My best ever review
Today in his always interesting column at ChessCafe, FM Carsten Hansen, gives what is probably my best ever review for Grandmaster Preparation – Calculation. It is not so much the six stars as well as some quotable sentences that make me so happy. But rather a few other facts:
* Carsten is not generally a Quality Chess devotee, although he is by no means hostile either. For example: Boris Avrukh’s GM11 got 5/6 stars, while other books got 6/6 in the same column. To me Boris is the best author of opening books there is – and this is his best book! So fair and positive when we deserve it, but maybe with more of a taste for typical Everyman books!?
* Carsten and I played a few times from 1989 to 1991 in Denmark. I think it was three draws, the first of them a blitz game. To say that we did not click back then is accurate, but these days we have an occasional pleasant exchange of e-mails. The main reason I bring this up is the simple truth that a prophet is never appreciated in his home town. It has taken almsot a decade longer to gain a reputation with people of my own generation in Denmark, compared to with the rest of the world. That I have won Carsten over completely is therefore a big victory for me.
* Finally – and this is really the most important thing by a mile for me. The review clearly shows that Carsten has worked with the book and found it to be exactly as I intended it to be. For a writer this is always the dream; for the reader to understand his book exactly and to appreciate it. When this reader is a critic, well, it is home run!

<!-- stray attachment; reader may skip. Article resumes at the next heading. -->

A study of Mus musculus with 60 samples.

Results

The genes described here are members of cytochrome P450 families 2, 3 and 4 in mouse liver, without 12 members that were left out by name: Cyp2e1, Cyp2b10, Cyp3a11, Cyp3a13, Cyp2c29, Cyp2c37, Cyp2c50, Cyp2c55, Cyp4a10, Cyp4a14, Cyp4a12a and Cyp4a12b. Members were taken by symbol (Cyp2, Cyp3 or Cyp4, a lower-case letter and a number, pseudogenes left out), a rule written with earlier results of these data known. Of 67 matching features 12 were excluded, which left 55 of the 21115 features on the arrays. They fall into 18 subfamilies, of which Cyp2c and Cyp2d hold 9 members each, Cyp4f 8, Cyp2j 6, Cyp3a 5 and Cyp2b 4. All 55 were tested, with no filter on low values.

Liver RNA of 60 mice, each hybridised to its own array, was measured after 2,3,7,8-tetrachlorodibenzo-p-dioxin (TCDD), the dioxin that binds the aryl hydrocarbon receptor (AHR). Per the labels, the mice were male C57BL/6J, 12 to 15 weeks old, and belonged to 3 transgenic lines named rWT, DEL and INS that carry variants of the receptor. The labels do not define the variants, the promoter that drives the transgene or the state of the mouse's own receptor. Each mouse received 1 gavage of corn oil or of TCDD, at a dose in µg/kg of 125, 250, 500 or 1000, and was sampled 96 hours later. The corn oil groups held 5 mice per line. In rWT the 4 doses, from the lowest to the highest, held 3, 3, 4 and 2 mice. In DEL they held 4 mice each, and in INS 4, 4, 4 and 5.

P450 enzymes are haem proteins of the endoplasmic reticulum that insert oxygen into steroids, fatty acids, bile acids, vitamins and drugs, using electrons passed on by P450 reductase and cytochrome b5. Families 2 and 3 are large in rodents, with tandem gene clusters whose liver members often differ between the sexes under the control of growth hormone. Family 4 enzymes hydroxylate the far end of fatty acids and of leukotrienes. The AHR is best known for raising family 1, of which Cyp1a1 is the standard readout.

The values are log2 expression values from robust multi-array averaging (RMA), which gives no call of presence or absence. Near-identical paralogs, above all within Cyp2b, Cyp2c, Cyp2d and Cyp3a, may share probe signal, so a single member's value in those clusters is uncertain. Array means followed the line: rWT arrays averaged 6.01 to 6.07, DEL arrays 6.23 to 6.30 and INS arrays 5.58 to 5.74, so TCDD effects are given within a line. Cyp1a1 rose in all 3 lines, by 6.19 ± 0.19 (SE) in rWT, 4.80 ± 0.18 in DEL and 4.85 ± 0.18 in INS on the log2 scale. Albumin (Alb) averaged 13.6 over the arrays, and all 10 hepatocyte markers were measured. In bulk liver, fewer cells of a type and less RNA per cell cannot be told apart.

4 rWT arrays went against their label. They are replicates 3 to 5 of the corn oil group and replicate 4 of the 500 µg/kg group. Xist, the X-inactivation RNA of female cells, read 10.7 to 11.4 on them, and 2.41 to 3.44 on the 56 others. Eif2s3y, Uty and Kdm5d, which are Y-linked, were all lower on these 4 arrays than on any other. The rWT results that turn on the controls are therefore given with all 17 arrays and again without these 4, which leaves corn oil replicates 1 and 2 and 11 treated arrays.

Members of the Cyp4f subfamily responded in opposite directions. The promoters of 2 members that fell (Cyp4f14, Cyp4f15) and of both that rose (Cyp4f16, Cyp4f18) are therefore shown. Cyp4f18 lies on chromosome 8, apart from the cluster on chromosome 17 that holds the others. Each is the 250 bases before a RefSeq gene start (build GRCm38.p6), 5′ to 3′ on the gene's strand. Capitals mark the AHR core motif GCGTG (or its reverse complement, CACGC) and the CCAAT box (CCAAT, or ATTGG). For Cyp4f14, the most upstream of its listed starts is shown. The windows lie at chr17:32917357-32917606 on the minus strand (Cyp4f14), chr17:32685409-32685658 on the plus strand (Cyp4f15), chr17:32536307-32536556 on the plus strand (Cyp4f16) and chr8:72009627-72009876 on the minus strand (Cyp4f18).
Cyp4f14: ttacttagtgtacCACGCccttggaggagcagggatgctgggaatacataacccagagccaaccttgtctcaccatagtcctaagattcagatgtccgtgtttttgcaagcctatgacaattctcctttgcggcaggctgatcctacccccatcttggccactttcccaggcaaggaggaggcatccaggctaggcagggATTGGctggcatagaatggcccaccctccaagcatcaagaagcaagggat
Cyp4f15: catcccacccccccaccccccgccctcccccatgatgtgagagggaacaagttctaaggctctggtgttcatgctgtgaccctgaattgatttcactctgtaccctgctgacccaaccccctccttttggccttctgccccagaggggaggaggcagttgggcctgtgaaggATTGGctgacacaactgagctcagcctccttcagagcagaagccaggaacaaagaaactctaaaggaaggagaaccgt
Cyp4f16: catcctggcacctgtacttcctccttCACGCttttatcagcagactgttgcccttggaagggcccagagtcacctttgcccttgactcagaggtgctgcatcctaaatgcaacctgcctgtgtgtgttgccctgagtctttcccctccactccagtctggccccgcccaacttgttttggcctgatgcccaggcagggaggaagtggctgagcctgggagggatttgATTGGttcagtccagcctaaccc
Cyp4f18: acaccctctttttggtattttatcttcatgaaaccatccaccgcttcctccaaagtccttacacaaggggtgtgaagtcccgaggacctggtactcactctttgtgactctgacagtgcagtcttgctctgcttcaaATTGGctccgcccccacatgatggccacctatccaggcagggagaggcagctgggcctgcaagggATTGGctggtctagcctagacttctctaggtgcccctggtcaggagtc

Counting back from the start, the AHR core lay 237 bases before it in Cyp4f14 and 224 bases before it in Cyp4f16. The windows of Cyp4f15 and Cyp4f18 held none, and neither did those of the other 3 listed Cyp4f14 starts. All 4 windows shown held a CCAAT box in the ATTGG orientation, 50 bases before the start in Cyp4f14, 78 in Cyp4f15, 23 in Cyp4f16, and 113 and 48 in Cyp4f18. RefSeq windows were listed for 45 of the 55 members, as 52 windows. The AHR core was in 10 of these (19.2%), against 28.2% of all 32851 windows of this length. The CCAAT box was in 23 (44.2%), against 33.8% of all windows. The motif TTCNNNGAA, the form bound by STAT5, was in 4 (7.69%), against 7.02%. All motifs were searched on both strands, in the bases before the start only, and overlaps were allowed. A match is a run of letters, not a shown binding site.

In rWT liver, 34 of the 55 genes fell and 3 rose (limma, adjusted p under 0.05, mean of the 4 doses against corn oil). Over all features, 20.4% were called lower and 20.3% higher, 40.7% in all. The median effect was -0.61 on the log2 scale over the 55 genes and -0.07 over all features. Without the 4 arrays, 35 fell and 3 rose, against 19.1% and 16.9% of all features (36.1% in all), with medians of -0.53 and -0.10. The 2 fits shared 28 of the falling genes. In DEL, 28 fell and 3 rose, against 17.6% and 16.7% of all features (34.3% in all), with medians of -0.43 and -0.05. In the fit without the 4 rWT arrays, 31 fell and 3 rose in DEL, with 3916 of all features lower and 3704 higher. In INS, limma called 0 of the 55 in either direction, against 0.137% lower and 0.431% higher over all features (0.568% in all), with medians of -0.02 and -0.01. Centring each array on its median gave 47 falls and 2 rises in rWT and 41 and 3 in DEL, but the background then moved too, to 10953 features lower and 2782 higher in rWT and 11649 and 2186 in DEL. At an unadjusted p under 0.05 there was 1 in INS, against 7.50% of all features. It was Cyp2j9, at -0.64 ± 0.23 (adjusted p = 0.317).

Carsten did bring up one interesting point in his review:
“My only criticism of this book is a fairly simple one, and one that I have with most other books that have test positions or puzzles to solve. I do not understand why the test positions have to have the players names listed. Strong players will likely recognize the positions based on the name references and thus know the solutions.”
Andrew and I are in first this morning and debated it a bit. In the end we agreed that it came down to a choice.
On the one side there is Carsten’s, on the other side my point of view:
* For people who like name indexes, it is nice to be sent to the positions as well as the solutions.
* It is not very likely that a strong player will recognise the position through the names and not through the position itself. And if he does, he would not necessarily know the right move.
* If you recognise a game position, this does not mean that you know what the best move is. I have a taste for positions where good players made mistakes. I like it when the amateur does better than the world class player. I recently sent a position (without names) to a few very strong players. They all said they knew the game, but none of them found the right move! Actually, learning to think even when you have some recognition of the position is something I want my students to develop.
* I think it looks better!
So, in the end we have possible negative and positives in both directions. I like my choice, Andrew was more undecided – but then he hardly ever change a point of view!
If you don’t want to read all of the view, here is the conclusion:
“Studying Grandmaster Preparation: Calculation carefully will make you a much stronger player, open your eyes to new possibilities, allow you to immerse yourself into positions from completely different angles, and see possibilities that would have surprised you before. This book teaches your mind to think differently and solve complicated task; provided you have taken the time to work your way through this book. It is written for strong players and those who are serious about improving their chess understanding and their ability to calculate accurately. To benefit from this book you should probably be rated at least 2000. Nevertheless, there is really no limit to how strong you can be to benefit from studying the material.”